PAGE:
When you reach the pinnacle of success as quickly and as publicly as Groupon has, it’s only natural to have some detractors along the way. But what started out as a few recent critics has turned into a virtual case of piling on.
The latest case of negative publicity for the wildly successful group-buying startup comes in the form of a survey conducted at Rice University. The study interviewed 150 merchants that have collaborated with Groupon to offer consumers daily deals on their products and services, and the results were not nearly as glowing as the reports coming from the two-year-old company’s headquarters in Chicago.
Thirty-two percent of the responding merchants said that their promotions, or Groupons, resulted not in profits but in losses, while 66 percent said their Groupons were profitable. More telling, perhaps, was that 40 percent of the business owners said that they would not run such a promotion again – a significant contradiction to the company’s data that states that 97 percent of merchants come back asking for more Groupon promotions.
Separate from the study, one of the “criticisms” Groupon has faced in recent weeks is that the promotions have become so overwhelmingly popular that it is difficult for smaller businesses to keep up with the demand they create. The most famous example is the case of a small café in Portland, Ore., in which the owner claims that she spent $8,000 of her personal savings to help cover the costs incurred from selling too many Groupons, of which the company took too high a percentage of the sales.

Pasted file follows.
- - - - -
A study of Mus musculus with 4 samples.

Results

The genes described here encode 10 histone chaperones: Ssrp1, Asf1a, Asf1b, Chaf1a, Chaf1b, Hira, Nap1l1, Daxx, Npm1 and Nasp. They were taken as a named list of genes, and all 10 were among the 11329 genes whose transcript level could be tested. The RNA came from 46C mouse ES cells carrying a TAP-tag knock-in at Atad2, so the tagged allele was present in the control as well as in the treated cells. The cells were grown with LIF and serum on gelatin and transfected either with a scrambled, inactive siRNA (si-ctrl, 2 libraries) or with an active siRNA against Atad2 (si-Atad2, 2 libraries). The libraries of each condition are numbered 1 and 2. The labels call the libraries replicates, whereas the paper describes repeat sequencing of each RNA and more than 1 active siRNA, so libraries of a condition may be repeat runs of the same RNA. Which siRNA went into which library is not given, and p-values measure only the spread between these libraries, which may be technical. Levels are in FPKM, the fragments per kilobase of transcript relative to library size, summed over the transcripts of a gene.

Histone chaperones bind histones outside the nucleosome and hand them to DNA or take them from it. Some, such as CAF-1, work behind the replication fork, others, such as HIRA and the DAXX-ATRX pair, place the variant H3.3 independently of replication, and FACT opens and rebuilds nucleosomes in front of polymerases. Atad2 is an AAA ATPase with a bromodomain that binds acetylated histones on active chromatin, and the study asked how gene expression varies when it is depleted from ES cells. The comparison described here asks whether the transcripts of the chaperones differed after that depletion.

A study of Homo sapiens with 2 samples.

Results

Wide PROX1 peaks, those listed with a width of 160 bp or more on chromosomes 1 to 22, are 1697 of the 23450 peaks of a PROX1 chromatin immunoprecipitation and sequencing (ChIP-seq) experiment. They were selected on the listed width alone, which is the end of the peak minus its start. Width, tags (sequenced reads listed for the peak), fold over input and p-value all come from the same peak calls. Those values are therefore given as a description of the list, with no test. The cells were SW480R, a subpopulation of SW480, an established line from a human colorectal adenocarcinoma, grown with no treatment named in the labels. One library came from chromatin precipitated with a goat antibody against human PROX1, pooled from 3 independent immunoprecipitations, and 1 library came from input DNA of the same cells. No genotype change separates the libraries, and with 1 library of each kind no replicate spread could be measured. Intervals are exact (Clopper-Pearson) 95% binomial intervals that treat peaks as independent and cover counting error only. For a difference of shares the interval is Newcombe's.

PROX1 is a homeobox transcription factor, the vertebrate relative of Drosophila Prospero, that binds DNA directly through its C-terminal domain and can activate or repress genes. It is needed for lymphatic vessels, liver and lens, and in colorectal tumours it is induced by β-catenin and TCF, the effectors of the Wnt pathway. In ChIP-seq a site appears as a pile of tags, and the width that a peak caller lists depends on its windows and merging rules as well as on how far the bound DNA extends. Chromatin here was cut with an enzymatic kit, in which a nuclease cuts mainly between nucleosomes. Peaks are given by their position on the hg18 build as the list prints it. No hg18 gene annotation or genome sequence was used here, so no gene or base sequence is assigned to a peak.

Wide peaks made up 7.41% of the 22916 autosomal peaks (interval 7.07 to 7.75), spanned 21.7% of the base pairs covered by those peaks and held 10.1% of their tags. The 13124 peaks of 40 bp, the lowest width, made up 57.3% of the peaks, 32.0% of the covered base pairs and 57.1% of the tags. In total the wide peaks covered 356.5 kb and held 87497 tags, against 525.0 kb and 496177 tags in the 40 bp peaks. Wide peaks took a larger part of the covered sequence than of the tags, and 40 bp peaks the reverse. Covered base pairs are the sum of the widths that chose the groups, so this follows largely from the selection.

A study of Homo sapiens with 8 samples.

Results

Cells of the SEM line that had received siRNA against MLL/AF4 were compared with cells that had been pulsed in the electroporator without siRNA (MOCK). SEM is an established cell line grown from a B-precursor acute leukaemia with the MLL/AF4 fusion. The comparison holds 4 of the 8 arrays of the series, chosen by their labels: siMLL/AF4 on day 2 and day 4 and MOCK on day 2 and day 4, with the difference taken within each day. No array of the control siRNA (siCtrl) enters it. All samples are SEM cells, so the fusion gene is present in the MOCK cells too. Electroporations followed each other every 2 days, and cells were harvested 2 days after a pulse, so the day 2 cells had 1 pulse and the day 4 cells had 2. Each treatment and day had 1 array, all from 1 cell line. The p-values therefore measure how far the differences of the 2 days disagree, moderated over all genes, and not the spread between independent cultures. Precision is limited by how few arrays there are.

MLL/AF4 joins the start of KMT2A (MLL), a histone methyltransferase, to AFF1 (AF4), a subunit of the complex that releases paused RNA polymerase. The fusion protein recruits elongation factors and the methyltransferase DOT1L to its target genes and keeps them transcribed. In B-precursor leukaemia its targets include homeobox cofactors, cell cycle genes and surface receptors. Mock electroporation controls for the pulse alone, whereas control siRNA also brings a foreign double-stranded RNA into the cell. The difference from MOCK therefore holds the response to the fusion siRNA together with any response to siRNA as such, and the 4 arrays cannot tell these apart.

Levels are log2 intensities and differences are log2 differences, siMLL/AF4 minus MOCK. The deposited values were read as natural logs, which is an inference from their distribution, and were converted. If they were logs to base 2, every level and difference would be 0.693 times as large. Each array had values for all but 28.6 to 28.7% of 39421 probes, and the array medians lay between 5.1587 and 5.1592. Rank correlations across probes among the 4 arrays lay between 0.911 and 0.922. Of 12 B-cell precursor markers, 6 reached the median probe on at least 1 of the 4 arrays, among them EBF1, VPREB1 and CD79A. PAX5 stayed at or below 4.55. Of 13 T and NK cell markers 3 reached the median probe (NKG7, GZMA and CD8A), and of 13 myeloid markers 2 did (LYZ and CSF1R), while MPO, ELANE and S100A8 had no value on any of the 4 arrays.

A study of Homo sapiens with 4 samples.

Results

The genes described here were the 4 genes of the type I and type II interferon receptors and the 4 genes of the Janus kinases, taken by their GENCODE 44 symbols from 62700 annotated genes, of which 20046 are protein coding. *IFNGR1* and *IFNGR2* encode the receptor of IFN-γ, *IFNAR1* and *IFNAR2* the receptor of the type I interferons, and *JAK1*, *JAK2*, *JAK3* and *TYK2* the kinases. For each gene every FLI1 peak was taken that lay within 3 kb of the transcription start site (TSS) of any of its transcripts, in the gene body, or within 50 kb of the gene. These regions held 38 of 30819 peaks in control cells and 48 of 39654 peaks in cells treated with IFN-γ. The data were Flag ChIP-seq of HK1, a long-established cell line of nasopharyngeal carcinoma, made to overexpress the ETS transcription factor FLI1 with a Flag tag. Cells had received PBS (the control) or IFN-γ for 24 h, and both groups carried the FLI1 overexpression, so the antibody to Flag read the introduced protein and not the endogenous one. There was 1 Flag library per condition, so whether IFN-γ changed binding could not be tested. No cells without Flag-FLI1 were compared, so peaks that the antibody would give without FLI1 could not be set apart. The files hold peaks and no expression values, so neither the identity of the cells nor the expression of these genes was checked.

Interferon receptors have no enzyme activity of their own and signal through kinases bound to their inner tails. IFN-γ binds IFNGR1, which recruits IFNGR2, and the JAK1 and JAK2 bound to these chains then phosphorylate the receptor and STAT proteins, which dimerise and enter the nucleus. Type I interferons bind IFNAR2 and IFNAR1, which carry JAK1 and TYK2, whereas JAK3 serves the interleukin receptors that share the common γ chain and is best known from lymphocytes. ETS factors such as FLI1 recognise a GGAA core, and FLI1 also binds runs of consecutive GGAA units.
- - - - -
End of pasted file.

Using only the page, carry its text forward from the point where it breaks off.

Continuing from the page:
The incident was highly publicized and Groupon CEO Andrew Mason immediately took to the blogosphere to both apologize to the merchant and to defend his billion-dollar company’s business practices. That seemed to have quieted the criticism for the most part, but then came the Rice survey, which also revealed the following:
• Among the service industries, restaurants fared the worst with Groupons
• Salons and spas were the most successful
• Unprofitable promotions were most prevalent from businesses that had low rates of spending by Groupon users beyond the deal’s face value and low rates of return to the business again at full price
• Respondents indicated they had largely negative perceptions of Groupon’s competitors
Groupon has been called the fastest-growing company in history and was valued at over $1 billion before its two-year anniversary. It is on par with fellow startup phenomenon Foursquare for the amount of clone companies it has generated, with some very established businesses such as Travelzoo, OpenTable and The Knot also trying to get in on the daily deal/group buying action.
Maybe the Rice survey can provide Mason, Groupon and the scores of imitators a better blueprint for success in this dynamic but relatively uncharted space.